Race for Iran’s Parliament: Battle Lines Drawn in Tehran

Race for the 30 seats of the Constituency of Tehran has got more heated with different factions offering lists to their supporters, with just 7 days remaining till the polls for the 11th parliamentary elections in Iran.

Principalists offered their 30-candidate list on Friday. Presenting the list, Qolam Ali Haddad Adel, the chairman of the Council of Islamic Revolution Forces Alliance, called on the people of Tehran to vote for the list in the upcoming polls.

Mostafa Aqa-Mirsalim and Former Tehran Mayor Mohammad Baqer Qalibaf, who both ran for the 12th Presidential election in 2017, are top on the list.

On the other side of the race, seven reformist parties have established “coalition for Iran”. Faraj Kimjani, the head of the election campaign of the coalition, said in a presser on Saturday that this coalition has been formed to hold a competitive election in line with the country’s interests. Threats from foreign countries require us to have a live significant election, he said.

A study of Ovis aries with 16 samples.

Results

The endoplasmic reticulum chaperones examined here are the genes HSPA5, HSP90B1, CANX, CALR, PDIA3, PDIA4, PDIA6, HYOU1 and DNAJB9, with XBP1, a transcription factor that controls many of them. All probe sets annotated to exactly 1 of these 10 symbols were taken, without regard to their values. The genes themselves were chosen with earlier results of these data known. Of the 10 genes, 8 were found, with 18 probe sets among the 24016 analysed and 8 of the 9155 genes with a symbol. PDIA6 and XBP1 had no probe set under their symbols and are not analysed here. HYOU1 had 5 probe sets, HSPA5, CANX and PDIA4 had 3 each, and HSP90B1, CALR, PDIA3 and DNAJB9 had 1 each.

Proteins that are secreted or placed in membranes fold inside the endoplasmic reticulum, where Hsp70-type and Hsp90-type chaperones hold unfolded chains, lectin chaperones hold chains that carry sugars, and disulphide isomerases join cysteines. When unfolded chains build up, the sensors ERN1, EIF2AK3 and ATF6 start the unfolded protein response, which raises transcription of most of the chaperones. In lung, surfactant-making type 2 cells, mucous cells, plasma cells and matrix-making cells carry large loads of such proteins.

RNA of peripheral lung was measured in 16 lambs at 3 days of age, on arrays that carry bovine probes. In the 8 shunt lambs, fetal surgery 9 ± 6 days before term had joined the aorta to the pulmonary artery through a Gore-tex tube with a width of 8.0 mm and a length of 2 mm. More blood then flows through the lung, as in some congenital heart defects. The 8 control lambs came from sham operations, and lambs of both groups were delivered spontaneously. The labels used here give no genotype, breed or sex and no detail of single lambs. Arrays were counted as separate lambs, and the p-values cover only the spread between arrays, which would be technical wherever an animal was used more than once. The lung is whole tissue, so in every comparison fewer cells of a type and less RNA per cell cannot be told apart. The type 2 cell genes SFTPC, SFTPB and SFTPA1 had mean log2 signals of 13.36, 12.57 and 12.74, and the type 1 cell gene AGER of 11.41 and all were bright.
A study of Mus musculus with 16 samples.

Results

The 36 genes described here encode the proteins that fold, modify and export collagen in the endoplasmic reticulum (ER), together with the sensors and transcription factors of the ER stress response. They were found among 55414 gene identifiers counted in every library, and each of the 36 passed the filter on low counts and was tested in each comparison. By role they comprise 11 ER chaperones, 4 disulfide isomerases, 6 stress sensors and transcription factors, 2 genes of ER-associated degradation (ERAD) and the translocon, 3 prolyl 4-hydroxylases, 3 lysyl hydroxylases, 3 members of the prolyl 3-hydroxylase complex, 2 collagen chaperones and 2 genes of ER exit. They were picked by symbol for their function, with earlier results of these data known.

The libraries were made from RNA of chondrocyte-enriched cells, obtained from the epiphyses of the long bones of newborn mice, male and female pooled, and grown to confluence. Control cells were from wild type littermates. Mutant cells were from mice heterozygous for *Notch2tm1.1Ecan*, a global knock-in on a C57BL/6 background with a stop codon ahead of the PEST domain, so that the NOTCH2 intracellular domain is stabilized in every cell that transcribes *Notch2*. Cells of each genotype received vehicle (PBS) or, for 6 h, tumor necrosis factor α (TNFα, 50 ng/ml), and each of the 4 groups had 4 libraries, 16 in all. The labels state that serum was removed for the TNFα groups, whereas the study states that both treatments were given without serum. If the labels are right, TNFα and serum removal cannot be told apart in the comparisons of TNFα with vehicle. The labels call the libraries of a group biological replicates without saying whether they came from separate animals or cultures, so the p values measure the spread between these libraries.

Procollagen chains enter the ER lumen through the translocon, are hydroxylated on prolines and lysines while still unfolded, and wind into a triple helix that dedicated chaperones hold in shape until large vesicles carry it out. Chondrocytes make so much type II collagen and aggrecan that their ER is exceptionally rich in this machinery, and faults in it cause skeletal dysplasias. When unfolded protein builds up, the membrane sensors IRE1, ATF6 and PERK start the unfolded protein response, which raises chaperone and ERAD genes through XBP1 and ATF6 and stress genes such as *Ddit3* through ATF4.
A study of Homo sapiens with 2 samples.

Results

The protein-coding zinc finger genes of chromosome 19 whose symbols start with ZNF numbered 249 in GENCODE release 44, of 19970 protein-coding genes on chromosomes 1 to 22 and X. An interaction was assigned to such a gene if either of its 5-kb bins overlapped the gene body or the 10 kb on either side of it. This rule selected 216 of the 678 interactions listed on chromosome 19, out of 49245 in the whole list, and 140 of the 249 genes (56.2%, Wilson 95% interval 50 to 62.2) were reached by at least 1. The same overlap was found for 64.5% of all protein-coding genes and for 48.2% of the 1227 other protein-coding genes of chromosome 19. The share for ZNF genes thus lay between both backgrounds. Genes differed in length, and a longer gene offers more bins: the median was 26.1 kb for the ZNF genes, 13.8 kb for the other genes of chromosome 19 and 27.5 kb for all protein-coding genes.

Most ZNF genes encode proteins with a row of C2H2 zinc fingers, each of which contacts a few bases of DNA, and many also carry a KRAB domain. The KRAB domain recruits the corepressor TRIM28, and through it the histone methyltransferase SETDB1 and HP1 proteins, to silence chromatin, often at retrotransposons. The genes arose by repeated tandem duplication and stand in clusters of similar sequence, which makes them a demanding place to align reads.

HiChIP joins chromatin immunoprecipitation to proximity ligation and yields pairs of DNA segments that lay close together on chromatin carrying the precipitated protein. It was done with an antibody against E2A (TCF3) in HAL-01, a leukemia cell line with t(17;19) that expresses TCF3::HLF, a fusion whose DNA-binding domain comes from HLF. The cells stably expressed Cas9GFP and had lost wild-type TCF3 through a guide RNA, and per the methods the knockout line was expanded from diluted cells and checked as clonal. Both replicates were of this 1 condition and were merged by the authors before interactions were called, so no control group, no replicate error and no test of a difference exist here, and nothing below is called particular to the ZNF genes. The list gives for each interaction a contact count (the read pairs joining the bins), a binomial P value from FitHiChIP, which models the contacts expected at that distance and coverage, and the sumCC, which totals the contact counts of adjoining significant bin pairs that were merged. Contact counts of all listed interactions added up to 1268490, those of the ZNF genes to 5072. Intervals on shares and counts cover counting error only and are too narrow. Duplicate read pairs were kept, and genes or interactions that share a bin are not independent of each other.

Majid Ansari, head of the Association of Combatant Clerics, and Mostafa Kavakebian, the secretary-general of Mardomsalari party (Democracy Party), are among the main figures of the list.

The campaigns officially started at 00:00 Thursday (20:30 GMT, Wednesday), and the candidates will have one week to win the people’s support for their candidacy.

The 11th parliamentary elections and the midterm elections for the Assembly of Experts – a body whose members designate the country’s Leader – are to be held simultaneously on February 21.

The candidates will have until Wednesday night to promote themselves, and after that, there will be a 24-hour silence until the voting begins on Friday morning.

The elections, held every four years, are scheduled to take place on February 21. A second round could take place in the second month of the next year on the solar calendar (April 20-May 20, 2020) if some seats remain vacant.

Last year, Iran’s parliament objected to a motion to increase the number of the seats, keeping the figure at 290.

A total of 57,918,000 people are eligible to cast their ballots, therefore; there would be one lawmaker at the parliament per each 190,000-strong segment of the Iranian population.

A total of 7,148 candidates, including dozens of Iranians from the religious minorities, are running for the parliament.

In capital Tehran, 1,453 candidates are contesting one of the 30 allocated seats on the legislature.

The lawmakers are elected for a 4-year term, with no limitation for the incumbent or former parliamentarians to run again.